Studio Visit with Belinda Street
How long have you been painting? When and why did you make the move to become a full-time artist?
I’ve been drawing and painting since I could hold a pencil. As a small child I would sit for hours on my own just drawing, and well, I never really stopped! I was good at art from an early age and used it as an escape from the real world. When I finished school I went to Newcastle University to undertake a Bachelor Arts (Visual Arts) degree which I absolutely loved. Upon finishing that I also studied desktop publishing, and got a job as a graphic designer. Over the years I’ve juggled both graphic design and art, which meant I generally had a reasonable income in which to support my art “habit”(art materials are very expensive!). As I could fulfill both roles from my home studio, that certainly made it easier and I found I mostly had enough time for both practices.
Over the past couple of years I’ve been winding down my design work to concentrate more on my art. The downside to that is a massive paycut, but I am working hard on my painting, and I have several group shows and 2 solo exhibitions planned for 2017 which is exciting and certainly keeping me very busy.
How would you describe your painting style?
I’m an expressive landscape painter. I mostly sit in the semi-abstract area, but my work can vary a lot between representation and abstraction. In fact I quite like pushing and pulling an artwork between the two, and each painting will ultimately find it’s own direction, where it needs to lay on that scale. I’m a “mark-maker”. Generally I like to “place” the paint onto the canvas - gesture and energy are an important part of how I work.
Talk us through your artmaking process. What makes one of your artworks successful?
(Laughing) Wow, the million dollar question! If only I could make every artwork successful! It often feels like every time I begin a painting, it’s like starting from the beginning again, and no day ever seems like the day before. And it seems the more you paint, and the more you learn about the process and the techniques, the harder it all becomes - so much more knowledge to incorporate into each new work.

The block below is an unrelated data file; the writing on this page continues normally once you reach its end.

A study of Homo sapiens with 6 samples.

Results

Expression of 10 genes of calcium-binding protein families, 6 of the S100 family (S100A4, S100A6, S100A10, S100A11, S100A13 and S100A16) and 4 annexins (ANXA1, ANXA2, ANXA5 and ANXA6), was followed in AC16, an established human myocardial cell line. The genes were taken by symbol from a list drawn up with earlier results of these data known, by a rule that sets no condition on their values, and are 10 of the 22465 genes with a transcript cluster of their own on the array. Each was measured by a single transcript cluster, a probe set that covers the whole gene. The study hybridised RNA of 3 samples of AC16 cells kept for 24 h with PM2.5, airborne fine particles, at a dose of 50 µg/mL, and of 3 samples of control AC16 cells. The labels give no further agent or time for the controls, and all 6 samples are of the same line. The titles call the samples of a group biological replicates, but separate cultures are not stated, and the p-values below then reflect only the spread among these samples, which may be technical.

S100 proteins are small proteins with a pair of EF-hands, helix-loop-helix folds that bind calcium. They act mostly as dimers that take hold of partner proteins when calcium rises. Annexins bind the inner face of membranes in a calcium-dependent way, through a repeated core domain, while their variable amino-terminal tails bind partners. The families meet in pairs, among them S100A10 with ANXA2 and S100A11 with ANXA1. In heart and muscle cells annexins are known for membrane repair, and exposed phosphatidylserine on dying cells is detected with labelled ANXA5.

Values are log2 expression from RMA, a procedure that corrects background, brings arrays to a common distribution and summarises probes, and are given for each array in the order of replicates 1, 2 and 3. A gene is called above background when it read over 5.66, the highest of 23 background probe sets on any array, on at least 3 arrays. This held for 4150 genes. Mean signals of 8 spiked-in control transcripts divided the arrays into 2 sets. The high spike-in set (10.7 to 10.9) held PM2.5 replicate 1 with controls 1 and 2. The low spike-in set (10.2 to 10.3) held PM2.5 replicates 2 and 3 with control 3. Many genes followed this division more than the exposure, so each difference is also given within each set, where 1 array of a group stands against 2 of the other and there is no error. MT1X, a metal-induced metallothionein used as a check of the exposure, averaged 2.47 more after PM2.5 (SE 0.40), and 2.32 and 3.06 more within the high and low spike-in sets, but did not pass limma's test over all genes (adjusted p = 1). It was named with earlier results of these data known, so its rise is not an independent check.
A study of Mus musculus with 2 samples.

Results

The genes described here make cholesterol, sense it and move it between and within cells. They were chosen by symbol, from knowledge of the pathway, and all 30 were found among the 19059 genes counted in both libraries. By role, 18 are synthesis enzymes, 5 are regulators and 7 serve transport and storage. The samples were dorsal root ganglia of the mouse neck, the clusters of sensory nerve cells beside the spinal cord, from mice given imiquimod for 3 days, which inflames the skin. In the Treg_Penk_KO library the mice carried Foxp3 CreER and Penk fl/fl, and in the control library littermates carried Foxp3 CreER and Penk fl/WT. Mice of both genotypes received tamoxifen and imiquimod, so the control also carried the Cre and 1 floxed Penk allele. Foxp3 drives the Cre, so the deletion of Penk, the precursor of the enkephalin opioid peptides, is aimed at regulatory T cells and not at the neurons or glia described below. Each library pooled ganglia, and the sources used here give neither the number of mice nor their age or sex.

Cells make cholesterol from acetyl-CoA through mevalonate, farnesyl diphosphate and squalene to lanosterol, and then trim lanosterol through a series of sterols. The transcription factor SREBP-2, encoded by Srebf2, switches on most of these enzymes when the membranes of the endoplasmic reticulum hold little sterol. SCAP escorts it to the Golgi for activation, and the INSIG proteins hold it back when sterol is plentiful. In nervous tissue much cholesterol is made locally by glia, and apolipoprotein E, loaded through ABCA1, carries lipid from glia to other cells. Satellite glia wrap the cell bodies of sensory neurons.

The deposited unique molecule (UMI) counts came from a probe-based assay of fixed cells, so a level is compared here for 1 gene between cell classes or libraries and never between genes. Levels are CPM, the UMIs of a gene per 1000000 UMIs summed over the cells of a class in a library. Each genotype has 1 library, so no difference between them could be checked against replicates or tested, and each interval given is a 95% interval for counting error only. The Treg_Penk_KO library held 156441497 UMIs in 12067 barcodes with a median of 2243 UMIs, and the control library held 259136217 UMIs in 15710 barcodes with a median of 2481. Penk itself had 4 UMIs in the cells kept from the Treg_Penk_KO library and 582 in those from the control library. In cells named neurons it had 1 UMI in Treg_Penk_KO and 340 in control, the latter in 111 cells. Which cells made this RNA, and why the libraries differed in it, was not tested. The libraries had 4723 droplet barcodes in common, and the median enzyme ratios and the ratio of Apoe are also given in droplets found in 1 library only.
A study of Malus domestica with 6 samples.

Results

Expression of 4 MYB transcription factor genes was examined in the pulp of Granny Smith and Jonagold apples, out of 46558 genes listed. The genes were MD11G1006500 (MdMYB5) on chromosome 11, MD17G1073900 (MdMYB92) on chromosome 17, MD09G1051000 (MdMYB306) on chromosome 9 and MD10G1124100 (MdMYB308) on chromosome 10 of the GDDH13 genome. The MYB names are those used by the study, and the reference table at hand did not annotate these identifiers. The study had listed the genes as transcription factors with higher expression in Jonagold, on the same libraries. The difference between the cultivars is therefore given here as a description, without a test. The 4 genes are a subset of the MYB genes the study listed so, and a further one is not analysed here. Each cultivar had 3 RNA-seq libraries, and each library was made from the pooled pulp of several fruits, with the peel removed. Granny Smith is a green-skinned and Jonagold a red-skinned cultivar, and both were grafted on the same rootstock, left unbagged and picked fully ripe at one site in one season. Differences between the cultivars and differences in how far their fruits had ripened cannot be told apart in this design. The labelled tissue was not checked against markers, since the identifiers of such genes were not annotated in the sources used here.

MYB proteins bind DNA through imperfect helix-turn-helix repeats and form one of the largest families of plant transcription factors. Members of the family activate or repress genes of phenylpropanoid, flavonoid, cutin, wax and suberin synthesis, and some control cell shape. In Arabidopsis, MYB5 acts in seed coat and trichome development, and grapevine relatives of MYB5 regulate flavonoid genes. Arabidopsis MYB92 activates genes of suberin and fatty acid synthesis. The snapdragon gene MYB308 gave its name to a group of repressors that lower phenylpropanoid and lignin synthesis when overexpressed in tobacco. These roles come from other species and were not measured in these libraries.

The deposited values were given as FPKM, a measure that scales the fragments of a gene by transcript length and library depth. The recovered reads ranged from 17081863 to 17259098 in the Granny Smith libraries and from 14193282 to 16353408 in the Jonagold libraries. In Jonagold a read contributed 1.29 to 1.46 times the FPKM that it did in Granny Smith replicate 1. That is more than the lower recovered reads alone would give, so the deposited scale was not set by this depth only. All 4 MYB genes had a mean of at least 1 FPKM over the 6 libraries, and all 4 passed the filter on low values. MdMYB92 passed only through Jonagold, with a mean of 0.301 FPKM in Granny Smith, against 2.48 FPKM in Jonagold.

I don’t have a formula for making a painting, but I tend to stick to a similar procedure. The first step is always to get out into the landscape - to experience, absorb, record, interpret and respond. Sometimes this is just being in a place and experiencing it first-hand. But most of the time this also means to photograph and sketch the landscape. I then take all this information back to my studio, stick it all up on the walls, and use it to inform and inspire my paintings. I’ll initially lay down some underpainting, which is often brighter more contrasting colours than what I anticipate the finished work will display. And then it’s just a matter of building up layers, making marks, adding and subtracting, until I believe the work is complete. The more realistic works I tend to finish more quickly, but the more abstract works can take many months to resolve.
Tell us about your connection to the Central West and it’s Landscape.
I had only seen a small part of the Central West (Mudgee and Hill End) until a couple of years ago. The area had always intrigued me, and particularly Orange had been on my “list” of places to explore. I finally got the chance in 2015, and my family and I spent a week visiting Bathurst and Orange, exploring the surrounding countryside to the south around Carcoar and Millthorpe. It must be said that I do enjoy my wine, and the lure of the wineries was all too great, and we spent a couple of days wine tasting around Orange and Mt Canobolas. It was autumn when we were there and it was the beautiful colours that struck me first. Purple and red foliage contrasting against the yellowy poplars; yellow rows of grapevines on green rolling hillsides. Such a visual feast! Of course the Central West has a long history of inspiring great Australian Artists, such as Brett Whiteley, Russell Drysdale and Donald Friend.
You work from home in a fabulous, well-lit studio. Tell us more about the benefits of working form home.
I’m very fortunate to have a great space at home that I can work in. It’s basically 2 rooms in the downstairs part of my house. To be honest, I wouldn’t be able to afford to rent a separate studio, plus I have 2 children, so it has always made more sense to work from home where I can blend my art practice into my family life more easily. It means I can be there when my kids get home from school, and be able to work at odd times if needed. So when we bought our home, the main prerequisite was that it had an area I could use as a studio (it took us a year to find it!) I still hope one day to have a bigger studio off site where I could make more of a mess, but I’m happy in the meantime. It works.